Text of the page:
Mansoor has been in prison for his online activism since 2017.
Emirati human rights defender Ahmed Mansoor has endured an open-ended hunger strike since approximately mid-March 2019. His supporters say his health is rapidly deteriorating.
Security officials arrested Mansoor from his home on March 20, 2017 over comments he posted online. In May 2018, he was convicted under the 2012 Cybercrime Law of “insulting the status and prestige of the UAE” and “publishing false reports and information on social media to damage the UAE’s relationship with its neighbouring countries.” A court sentenced him to ten years in jail and fined him 1,000,000 Emirati Dirhams (US $270,000).
Mansoor has been advocating for democratic reform and protection of human rights in his country and the region for more than a decade. He is the 2015 laureate of the Martin Ennals Foundation, which supports human rights defenders who are at risk. He is a member of the Human Rights Watch Middle East and North Africa Advisory Committee.
This is not Mansoor’s first time behind bars. In 2011, he and four other political activists were jailed in relation to their connections to UAEHewar.net, an online discussion forum run by Mansoor. He also used the forum to publish a petition calling for democratic reforms in the UAE. State officials used this as a basis for charging Mansoor with insulting UAE leaders. He was convicted and sentenced to three years in prison, but was released on presidential pardon after serving only seven months.
Prior to his 2017 arrest, he campaigned online on behalf of jailed activists in the UAE and elsewhere in the region. The day before his arrest, he tweeted his concern about the continuous and arbitrary detention of Emirati activist Osama al-Najjar, who remained in prison despite having completed his three-year jail sentence. According to Human Rights Watch, he also signed a joint letter with other activists in the region calling on leaders at the Arab League summit in Jordan in March 2017 to release political prisoners in their countries.
In December 2018, the State Security Chamber of the Federal Supreme Court, whose verdicts are final, confirmed his ten-year sentence.
According to the Gulf Center for Human Rights (GCHR), Mansoor began the strike to ”protest poor prison conditions and his unfair trial”:
Mansoor is believed to be currently held in Al-Sadr prison in Abu Dhabi, where he is kept in isolation. A source told GCHR that he is being held in “terrible conditions” in a cell with no bed, no water and no access to a shower. His health has deteriorated greatly and he is in bad shape.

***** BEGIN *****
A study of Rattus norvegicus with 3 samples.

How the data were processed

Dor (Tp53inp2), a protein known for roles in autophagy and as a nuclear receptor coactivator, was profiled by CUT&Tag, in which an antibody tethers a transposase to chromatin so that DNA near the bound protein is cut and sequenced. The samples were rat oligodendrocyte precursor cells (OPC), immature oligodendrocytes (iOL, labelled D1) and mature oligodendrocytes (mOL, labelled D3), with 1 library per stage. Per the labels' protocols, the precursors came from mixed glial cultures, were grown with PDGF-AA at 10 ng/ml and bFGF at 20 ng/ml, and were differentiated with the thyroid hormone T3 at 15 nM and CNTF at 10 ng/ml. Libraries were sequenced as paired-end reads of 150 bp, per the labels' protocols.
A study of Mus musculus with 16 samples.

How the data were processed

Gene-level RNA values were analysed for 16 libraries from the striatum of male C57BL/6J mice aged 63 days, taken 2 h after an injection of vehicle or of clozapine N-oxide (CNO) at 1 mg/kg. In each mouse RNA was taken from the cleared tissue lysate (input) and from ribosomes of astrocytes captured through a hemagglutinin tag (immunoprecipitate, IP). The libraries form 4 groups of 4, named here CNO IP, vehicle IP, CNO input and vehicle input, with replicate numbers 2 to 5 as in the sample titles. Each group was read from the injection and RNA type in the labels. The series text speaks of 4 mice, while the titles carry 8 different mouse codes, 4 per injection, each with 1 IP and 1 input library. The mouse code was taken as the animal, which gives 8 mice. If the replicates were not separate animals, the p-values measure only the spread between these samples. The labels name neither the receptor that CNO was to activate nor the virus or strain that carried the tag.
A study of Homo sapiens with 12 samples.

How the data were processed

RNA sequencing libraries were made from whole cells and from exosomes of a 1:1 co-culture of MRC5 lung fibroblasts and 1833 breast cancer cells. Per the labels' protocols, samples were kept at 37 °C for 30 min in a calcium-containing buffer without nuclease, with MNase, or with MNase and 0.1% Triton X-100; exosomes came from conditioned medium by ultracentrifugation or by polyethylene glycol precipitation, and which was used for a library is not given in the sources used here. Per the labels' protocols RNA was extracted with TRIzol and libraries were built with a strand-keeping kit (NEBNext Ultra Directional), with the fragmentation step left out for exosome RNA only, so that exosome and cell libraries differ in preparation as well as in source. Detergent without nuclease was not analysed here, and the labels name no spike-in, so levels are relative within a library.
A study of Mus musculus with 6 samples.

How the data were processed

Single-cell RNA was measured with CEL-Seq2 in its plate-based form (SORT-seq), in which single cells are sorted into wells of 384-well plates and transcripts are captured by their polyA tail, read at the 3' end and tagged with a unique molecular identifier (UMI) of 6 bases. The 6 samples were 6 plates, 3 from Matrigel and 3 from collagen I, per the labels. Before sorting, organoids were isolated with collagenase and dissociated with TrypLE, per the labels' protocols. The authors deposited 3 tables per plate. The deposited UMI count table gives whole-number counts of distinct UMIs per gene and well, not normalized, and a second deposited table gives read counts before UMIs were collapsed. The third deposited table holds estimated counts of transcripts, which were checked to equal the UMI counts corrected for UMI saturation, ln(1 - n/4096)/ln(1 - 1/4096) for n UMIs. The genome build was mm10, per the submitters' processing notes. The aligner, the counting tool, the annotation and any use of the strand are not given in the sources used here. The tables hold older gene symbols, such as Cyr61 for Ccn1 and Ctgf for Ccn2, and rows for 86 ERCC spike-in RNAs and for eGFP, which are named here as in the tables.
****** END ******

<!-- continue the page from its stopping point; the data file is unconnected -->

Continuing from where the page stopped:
Human rights groups expressed concerns about the activist’s health, calling on the UAE authorities to set him free.
“Ahmed Mansoor is risking his health to call attention to his deeply unjust imprisonment simply because he advocated for the kind of tolerant, progressive society the UAE claims to be,” said Sarah Leah Whitson, Middle East director at Human Rights Watch. “UAE authorities should immediately and unconditionally release Mansoor so that he can continue to serve as a voice for justice in a region desperately in need of it,” she added.
The International Campaign for Freedom in the UAE called on the authorities to treat Mansoor in accordance with international human rights standards and to allow international rights groups to visit him in prison:
We reiterate our call for the immediate and unconditional release of Ahmed Mansoor. Pending this, we urge the Emirati authorities to treat him in line with the UN’s Standard Minimum Rules for the Treatment of Prisoners, which guarantees the provision of medical care and sanitary prison conditions. To ensure this, it is imperative that international NGOs be allowed access to al-Sadr prison to visit Mansoor.
Learn about the physiological effects of a hunger strike with the infographic below, created by our partners at Visualizing Impact.